Color transformations

Color can be described by its red (R), green (G) and blue (B) coordinates (the well-known RGB system), or by some its linear transformation as XYZ, CMY, YUV, IQ, among others. The CIE adopted systems CIELAB and CIELUV, in which, to a good approximation, equal changes in the coordinates result in equal changes in perception of the color. Nevertheless, sometimes it is useful to describe the colors in an image by some type of cylindrical-like coordinate system, it means by its hue, saturation and some value representing brightness. If the RGB coordinates are in the interval from 0 to 1, each color can be represented by the point in the cube in the RGB space. Let us imagine the attitude of the cube, where the body diagonal linking ”black” vertex and ”white” vertex is vertical. Then the height of each point in the cube corresponds to the brightness of the color, the angle or azimuth corresponds to the hue and the relative distance from the vertical diagonal corresponds to the saturation of the color.

The present color models have some disadvantages in practical use. E.g. we convert an image in some image processing application into some brightness-hue-saturation model and we would like to work with individual components (coordinates) as with separate images. There is desirable regarding to the back conversion to have all combinations of the values. It means we need such model, where the range of values of saturation is identical for all hues. From this point of view, the GLHS color model [2] is probably the best from the current ones, particularly for wmin = wmid = wmax = 1/3. The good model should satisfy some demands as:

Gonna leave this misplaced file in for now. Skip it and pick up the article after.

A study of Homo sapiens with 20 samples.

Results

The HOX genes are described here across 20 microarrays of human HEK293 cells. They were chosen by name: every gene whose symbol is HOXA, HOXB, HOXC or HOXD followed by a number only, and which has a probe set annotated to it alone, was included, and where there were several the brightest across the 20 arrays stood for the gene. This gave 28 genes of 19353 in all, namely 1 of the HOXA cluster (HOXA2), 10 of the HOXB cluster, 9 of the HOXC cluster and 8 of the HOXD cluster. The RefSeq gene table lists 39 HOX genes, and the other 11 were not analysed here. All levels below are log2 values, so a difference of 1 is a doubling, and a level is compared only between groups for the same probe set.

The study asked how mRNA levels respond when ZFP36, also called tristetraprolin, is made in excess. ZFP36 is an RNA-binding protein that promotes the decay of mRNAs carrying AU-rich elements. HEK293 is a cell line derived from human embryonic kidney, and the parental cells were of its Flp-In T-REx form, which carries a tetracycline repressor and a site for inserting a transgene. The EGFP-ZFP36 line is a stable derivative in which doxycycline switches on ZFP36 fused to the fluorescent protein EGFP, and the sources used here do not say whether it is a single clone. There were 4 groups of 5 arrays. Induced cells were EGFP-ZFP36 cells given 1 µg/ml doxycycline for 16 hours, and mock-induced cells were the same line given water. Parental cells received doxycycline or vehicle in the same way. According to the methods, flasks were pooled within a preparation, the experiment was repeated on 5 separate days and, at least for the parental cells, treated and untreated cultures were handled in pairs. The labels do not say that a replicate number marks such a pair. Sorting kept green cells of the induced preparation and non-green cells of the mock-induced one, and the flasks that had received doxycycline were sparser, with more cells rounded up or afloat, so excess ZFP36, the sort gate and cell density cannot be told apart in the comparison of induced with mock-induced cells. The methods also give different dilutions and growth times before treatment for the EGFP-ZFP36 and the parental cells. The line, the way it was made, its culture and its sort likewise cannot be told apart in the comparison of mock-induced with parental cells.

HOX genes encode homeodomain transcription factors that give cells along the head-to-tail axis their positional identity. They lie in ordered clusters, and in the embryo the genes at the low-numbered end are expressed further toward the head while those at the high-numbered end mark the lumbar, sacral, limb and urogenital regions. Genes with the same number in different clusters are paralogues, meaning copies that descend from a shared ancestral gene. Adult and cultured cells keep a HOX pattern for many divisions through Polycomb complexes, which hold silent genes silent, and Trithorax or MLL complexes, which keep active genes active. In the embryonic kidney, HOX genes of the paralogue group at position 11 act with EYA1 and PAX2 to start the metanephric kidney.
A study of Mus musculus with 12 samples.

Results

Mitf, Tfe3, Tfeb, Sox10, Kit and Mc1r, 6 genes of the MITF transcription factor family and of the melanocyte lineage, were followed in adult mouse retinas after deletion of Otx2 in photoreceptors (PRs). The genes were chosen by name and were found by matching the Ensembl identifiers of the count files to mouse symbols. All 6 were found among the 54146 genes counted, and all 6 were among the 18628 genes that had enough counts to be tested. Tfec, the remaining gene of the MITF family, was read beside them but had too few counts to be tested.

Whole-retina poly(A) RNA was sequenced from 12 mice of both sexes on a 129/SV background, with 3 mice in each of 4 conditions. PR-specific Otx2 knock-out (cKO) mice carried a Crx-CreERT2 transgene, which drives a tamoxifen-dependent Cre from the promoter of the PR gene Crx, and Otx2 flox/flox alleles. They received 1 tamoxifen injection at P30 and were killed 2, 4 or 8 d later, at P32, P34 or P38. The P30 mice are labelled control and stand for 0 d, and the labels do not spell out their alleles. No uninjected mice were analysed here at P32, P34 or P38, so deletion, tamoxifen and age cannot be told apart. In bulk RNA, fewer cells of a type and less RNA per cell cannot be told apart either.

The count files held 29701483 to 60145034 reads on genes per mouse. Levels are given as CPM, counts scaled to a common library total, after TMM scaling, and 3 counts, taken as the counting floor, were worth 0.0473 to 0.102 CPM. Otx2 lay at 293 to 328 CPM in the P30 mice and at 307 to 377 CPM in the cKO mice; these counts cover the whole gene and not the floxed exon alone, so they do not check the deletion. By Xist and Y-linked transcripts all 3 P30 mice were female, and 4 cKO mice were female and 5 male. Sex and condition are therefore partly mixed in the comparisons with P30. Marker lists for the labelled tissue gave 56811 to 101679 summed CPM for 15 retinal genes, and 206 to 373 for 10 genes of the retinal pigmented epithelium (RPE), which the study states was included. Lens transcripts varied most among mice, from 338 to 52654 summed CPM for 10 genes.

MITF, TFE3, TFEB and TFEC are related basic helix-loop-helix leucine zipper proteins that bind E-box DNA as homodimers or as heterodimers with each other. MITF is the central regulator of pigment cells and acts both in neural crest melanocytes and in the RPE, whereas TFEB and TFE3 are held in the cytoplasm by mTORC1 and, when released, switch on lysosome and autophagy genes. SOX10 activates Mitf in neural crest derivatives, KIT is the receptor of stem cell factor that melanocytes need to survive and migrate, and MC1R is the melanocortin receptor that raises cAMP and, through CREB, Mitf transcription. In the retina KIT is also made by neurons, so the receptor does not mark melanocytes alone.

1. The brightness should be a linear combination of all three RGB components. At least, it must be continuous growing function of all of them.
  2. The hue differences between the basic colors (red, green and blue) should be 120 and similarly between the complement colors (yellow, purple and cyan). The hue difference between a basic color and an adjacent complement one (e.g. red and yellow) should be 60.
  3. The saturation should be 1 for the colors on the surface of the RGB color cube, it means in case of one of the RGB components is 0 or 1 except black and white vertices and it is 0 in case of R=G=B. 

In our opinion, the best brightness, hue and saturation system consists of the brightness as linear combination of the RGB values, the hue as actual angle in the color cube and saturation as relative distance from the body diagonal to the surface of the color cube. Such a system, called YHS, is presented in [1]. It satisfies all three demands and makes easier some color manipulations.


Original photograph

Brightness Y

Hue H

Saturation S

Hue with maximum saturation

Optimized histogram in RGB

Optimized histogram in YHS

The original photograph of Klínovec mountain in Bohemia was decomposed into brightness, hue and saturation by YHS model. The image "hue with maximum saturation" shows colors preserving original hue with maximum saturation. Where the original saturation was zero, the hue is not defined and white color is used. Then, the histogram was optimized in RGB coordinates, you can see the hue is distorted. When the histogram was optimized in YHS coordinates, the visibility of the foreground was enhanced without distortion of colors.

Contact person: Tomáš Suk


[1] Suk Tomáš, Šimberová Stanislava: New YHS color coordinate system and its spplication in remote sensing, Proceedings of the 1st Pattern Recognition for Remote Sensing Workshop, p. 6-9, Eds: Petrou M., BMVA Press, (Surrey 2000), PRRS 2000 /1./, (Andorra La Vella, AD, 01.09.2000), Download PDF

Relevant publications by other authors:
[2] Levkowitz, H. and G. T. Herman "GLHS: A Generalized Lightness, Hue, and Saturation Color Model." Computer Vision, Graphics, and Image Processing: Graphical Models and Image Processing, Vol. 55, 271-285, 1993.